TAMPA, Fla. - At-home DNA kits have been credited for the emotional embraces of family members meeting for the first time. However, in the past week, concerns have surfaced regarding how private the tests are.
"It's more than just swabbing your cheek," said Jeffrey Garbus with Soaring Eagle Consulting.
The Pentagon recently issued a warning that advised military members against using the at-home kits, citing privacy and security issues as a major concern.
"The Pentagon is concerned this can be used to identify undercover agents, can be used to identify weaknesses in people, can be used to identify what a good biological or chemical attack may be on a particular group," said Garbus.
However, for the thousands of people who found one of the DNA kits under their Christmas tree this year, experts warn there could be a risk for them as well.
"There's a database out there which is not protected by HIPAA, which is not protected by very specific laws, but has your biological DNA in it, and that has information that can be decoded," Garbus explained.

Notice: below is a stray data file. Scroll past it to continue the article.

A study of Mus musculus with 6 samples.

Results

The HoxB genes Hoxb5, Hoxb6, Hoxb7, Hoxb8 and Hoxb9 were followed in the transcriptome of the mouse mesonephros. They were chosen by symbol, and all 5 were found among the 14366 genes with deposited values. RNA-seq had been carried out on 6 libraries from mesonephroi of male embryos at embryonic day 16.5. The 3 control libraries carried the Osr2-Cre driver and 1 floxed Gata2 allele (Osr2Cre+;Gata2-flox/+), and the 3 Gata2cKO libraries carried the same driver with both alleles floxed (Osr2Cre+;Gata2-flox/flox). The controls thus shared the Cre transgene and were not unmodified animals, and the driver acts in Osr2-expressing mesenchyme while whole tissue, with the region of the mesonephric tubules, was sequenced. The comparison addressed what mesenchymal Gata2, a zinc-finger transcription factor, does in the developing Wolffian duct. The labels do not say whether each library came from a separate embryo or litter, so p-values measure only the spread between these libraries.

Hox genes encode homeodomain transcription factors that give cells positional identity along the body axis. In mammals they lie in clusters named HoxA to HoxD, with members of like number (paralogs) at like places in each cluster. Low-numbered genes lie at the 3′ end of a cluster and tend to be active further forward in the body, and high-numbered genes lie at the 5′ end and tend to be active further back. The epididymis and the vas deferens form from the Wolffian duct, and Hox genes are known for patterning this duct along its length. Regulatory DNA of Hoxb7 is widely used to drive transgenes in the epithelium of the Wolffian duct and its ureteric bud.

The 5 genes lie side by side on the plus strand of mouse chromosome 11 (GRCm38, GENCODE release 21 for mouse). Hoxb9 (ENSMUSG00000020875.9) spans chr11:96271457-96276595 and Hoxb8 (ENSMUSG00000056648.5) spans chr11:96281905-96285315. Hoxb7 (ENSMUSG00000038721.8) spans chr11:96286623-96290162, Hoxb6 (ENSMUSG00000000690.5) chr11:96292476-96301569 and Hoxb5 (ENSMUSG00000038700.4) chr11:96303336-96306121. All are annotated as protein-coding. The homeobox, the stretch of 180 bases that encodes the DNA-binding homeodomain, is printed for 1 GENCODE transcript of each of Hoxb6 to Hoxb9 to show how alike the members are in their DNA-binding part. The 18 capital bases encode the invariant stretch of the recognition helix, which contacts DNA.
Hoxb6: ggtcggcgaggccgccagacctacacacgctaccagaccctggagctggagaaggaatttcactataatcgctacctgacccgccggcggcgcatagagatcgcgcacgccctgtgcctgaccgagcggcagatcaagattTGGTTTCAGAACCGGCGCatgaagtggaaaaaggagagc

There's concern there might not be enough safeguards in place to protect your personal data, along with fears it might end up in the wrong hands.
"There's a lot of different directions the information goes," said Garbus. "Which means there's a lot of different organizations that need to protect your information. Red vs. blue, the hackers always win."
Popular companies like 23andMe and Ancestory.com state in their privacy policies that they won't distribute information you don't want shared. However, it is still a situation of blind trust.
"If you do this, you're taking a chance," said Garbus.
Some states have taken their concerns a step further by attempting to implement laws that would protect DNA data from prying eyes, including law enforcement.